Iowa lacking in the big play department



The linebackers struggle to cover running backs out of the backfield, the kicking game is inconsistent, and a running-back corps once lauded for its depth can’t seem to find its footing.

An issue that hasn’t received as much attention is the Hawkeyes inability to strike big on one play. In this regard, Iowa is not just one of the worst teams in the Big Ten, it is one of the worst in the country.

“We need to keep finishing runs, finishing plays,” running back Mark Weisman said following Iowa’s 20-17 loss to Iowa State. “We need to break a big one once in a while. We haven’t done that yet, and it needs to happen.”

After three games — two wins and one loss — Iowa has executed just five plays of 20 yards or more, which ranks 123rd in the nation out of 127 teams.

Only three teams in the nation have fewer plays of 20 yards or more than Iowa. There are also 47 individual players in the NCAA with the same number or more plays of 20-plus yards than the entire Hawkeye football team.

Take away the Northern Iowa game, and the Hawkeyes have managed just two plays of 20-plus yards.

“That’s a tough question to answer right now,” quarterback Jake Rudock said when asked about the offensive funk. “We want to play really well, obviously. We want to move the ball … we want to score every time we get the ball.”

Big-play threats — such as Derrick Willies, Damond Powell, Tevaun Smith, Kevonte Martin-Manley, and Jordan Canzeri — have all proven they are capable of gaining big chunks of yardage on single plays.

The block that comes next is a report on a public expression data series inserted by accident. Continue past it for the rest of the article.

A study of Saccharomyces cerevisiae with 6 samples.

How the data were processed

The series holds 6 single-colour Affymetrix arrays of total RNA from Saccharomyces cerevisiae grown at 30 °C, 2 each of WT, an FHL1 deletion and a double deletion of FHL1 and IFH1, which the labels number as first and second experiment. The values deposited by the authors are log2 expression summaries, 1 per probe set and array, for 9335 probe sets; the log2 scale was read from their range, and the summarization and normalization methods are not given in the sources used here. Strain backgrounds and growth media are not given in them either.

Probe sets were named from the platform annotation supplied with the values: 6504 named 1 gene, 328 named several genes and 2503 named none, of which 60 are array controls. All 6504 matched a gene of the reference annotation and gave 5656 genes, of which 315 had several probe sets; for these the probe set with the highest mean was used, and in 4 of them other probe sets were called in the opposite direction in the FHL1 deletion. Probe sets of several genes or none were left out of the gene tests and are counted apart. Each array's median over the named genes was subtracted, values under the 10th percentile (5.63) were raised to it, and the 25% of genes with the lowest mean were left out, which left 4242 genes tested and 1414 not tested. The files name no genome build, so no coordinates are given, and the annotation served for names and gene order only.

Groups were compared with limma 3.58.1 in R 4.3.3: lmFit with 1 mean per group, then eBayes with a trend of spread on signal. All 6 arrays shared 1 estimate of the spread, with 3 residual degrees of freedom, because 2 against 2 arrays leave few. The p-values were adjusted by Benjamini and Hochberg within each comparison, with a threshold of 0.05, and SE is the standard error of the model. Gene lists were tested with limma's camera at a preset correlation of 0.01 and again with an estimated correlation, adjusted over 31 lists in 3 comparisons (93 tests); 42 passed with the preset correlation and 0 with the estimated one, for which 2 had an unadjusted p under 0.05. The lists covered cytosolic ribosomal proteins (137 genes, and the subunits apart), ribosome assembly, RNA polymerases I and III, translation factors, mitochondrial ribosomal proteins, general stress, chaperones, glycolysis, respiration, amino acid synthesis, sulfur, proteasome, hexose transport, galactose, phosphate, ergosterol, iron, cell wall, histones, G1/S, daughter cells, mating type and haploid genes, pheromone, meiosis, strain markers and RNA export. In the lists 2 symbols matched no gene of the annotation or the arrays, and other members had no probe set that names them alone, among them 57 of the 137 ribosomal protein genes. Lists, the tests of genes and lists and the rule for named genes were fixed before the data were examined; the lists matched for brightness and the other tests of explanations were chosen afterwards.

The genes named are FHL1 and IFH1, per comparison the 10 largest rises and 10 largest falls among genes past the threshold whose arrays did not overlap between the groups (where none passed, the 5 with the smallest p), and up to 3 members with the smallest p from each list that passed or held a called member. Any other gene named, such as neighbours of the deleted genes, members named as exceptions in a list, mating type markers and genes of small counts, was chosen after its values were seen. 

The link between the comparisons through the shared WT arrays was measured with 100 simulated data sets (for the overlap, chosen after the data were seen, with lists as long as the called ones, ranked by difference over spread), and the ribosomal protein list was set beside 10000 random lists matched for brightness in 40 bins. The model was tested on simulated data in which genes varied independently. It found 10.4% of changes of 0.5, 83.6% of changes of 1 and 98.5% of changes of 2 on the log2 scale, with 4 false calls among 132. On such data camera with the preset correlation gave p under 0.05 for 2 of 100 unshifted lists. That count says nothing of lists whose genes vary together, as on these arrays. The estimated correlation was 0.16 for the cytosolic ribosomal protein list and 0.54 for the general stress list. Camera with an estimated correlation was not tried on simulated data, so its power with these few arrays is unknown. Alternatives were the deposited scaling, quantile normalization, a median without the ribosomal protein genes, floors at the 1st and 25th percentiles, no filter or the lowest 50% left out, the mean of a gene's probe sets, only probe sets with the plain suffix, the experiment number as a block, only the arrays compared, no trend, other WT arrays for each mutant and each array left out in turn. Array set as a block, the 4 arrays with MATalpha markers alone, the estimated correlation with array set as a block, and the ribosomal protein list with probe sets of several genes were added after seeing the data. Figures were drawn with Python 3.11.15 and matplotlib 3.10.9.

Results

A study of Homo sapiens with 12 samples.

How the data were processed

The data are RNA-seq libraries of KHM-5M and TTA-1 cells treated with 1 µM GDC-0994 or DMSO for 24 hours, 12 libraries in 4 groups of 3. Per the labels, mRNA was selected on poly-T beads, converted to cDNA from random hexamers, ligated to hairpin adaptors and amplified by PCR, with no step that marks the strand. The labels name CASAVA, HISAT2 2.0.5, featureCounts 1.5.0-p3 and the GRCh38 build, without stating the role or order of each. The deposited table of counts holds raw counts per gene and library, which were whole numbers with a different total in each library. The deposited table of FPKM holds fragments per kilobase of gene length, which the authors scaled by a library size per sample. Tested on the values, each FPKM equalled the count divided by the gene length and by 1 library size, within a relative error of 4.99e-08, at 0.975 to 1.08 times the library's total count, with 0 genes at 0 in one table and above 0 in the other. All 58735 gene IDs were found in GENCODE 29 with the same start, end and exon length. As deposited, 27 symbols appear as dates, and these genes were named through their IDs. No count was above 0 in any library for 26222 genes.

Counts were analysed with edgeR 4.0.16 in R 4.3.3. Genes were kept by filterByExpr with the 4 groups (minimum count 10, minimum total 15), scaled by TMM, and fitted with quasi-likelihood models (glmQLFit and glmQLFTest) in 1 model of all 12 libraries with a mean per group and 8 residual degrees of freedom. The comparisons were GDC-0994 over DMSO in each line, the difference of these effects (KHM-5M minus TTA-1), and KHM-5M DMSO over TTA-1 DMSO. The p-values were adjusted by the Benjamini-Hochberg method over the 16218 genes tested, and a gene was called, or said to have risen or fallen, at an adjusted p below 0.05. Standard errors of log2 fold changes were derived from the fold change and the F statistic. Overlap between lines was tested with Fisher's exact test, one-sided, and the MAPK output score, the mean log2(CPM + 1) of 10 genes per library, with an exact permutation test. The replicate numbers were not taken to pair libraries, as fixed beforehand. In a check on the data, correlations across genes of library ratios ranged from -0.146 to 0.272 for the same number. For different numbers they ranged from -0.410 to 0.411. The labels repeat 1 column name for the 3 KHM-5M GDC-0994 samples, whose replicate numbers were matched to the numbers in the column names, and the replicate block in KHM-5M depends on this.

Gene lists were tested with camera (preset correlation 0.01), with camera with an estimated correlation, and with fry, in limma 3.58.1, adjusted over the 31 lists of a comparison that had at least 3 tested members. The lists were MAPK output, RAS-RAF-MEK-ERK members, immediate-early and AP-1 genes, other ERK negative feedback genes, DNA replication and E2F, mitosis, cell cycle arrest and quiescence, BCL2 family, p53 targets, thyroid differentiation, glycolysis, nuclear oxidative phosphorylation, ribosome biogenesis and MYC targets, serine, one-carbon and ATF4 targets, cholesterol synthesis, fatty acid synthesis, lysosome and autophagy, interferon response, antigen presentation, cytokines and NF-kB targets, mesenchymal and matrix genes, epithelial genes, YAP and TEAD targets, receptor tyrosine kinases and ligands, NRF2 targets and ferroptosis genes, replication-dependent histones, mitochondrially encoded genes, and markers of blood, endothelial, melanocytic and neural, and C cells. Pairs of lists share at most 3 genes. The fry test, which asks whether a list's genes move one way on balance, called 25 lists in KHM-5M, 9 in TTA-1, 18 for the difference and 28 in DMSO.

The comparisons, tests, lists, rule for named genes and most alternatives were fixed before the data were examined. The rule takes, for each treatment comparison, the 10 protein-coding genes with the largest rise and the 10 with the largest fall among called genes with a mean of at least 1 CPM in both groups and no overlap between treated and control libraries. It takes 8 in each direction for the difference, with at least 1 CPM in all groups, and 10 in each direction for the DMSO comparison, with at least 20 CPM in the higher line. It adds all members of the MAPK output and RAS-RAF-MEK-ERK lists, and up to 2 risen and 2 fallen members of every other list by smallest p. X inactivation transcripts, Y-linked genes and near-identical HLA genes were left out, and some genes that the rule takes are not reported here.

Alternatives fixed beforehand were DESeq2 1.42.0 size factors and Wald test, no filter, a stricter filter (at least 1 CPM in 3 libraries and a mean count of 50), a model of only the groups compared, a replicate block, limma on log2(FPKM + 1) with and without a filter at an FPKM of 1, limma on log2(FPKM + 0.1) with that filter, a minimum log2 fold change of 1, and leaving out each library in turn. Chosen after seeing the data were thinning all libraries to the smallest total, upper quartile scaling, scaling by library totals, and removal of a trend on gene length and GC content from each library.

But the issue isn’t a lack of playmakers. Rather, the problem is the lack of plays for those players.

Against Iowa State on Sept. 13, Willies and Powell — two of Iowa’s biggest playmakers — weren’t targeted all game. Canzeri carried the ball only three times, although that may be more because of a sore hip on his end.

One reason is that Iowa has not been a school synonymous with big plays during Kirk Ferentz’s tenure. Last year, the team ranked 102nd in the nation in plays of 20-plus yards — they had 45, to be exact. The year before that, they ranked 118th.

The Hawkeyes also have a quarterback in Rudock who tends to throw to shorter routes and a running back corps that relies heavily on consistency and power rather than explosive plays.

Weisman didn’t seem too worried about if the big plays would ever occur; he spoke specifically about running backs. He also provided a possible solution to the problem, albeit one that’s easier said than done.

“Everyone needs to finish plays,” he said. “Whether it’s me breaking a tackle, whether it’s a receiver blocking downfield, or a receiver making a big play, it’s all in the finishing. We need to finish better and find a way.”

In any case, if Iowa hopes to bounce back from its first loss of the season, it wouldn’t hurt for the team to start implementing more explosive plays into the planning.

“Just keep working,” wide receiver Jacob Hillyer said. “It’s a long season, and we’re not playing our best football yet. But big plays will come when we need them.”

Follow @JacobSheyko on Twitter for updates, news, and analysis of the Iowa football team.